In reference to your question about "character" of the population, there are countless ways to define "character." You might think about ethicity, race, and national origin of the population and how it changed over time and had an impact on the nature of American society as a whole. Immigration, of course, has been a constant force in American history and culture since the arrival of the first European settlers in the 16th century, but waves came from different parts of the world and people came for dramatically different reasons throughout the next 400 years.
If you are interested in the history of immigration and the influence of the resulting population shifts on American society and culture, a great book to consider is Ronald Takaki's A Different Mirror.
During the time period in question, the US population increased in size and became more industrialized and urbanized. These changes made the US economy more of a "market economy" and lessened the degree of cohesion in the society.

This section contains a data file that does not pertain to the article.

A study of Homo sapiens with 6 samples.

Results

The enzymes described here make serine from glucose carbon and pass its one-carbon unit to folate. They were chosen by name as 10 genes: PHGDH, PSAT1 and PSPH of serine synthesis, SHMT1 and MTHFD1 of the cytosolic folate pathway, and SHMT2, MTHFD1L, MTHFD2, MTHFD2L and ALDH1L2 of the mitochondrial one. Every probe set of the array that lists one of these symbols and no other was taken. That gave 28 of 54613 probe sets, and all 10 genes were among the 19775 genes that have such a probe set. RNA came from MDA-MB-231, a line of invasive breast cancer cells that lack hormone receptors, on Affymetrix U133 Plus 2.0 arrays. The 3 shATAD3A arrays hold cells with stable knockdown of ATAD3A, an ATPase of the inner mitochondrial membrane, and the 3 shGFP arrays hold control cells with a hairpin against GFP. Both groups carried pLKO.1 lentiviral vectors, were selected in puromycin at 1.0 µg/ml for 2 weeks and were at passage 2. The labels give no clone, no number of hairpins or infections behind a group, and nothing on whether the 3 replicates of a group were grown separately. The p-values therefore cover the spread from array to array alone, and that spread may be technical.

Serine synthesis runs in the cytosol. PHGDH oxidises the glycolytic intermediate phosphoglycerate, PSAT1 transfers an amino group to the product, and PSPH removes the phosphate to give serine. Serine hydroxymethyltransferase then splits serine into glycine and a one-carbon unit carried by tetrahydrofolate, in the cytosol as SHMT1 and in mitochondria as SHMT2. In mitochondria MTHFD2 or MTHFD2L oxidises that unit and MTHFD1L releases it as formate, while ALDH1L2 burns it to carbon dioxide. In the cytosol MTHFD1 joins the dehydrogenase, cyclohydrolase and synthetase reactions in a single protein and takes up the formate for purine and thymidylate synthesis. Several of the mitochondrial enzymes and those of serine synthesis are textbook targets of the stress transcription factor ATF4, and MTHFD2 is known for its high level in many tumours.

During this time, the US changed from a society of subsistence farmers who did a bit of bartering with one another to a society in which the economy was based on buying and selling things for cash. This came along with the market revolution and transportation revolution of the early to mid-19th century. This change in the economy (which was tied to the growth in population) made it harder for Americans to feel close to their fellow citizens in the way that people did when they lived in small communities and personally traded with and helped one another
The U.S. will not really have a major population boom until the mid to late 1800's. Prior to that, the U.S. was very rural and economies were localized. The railroad will play a major roll in transforming America as goods and services will now be more accessable to markets across the country. Add with that, the influx of cheap labor provided by immigrants, and the U.S. city as we know it will begin to develop. Mix in other new technologies brought on by the Industrial Revolution, and you have the making of an American economic shift.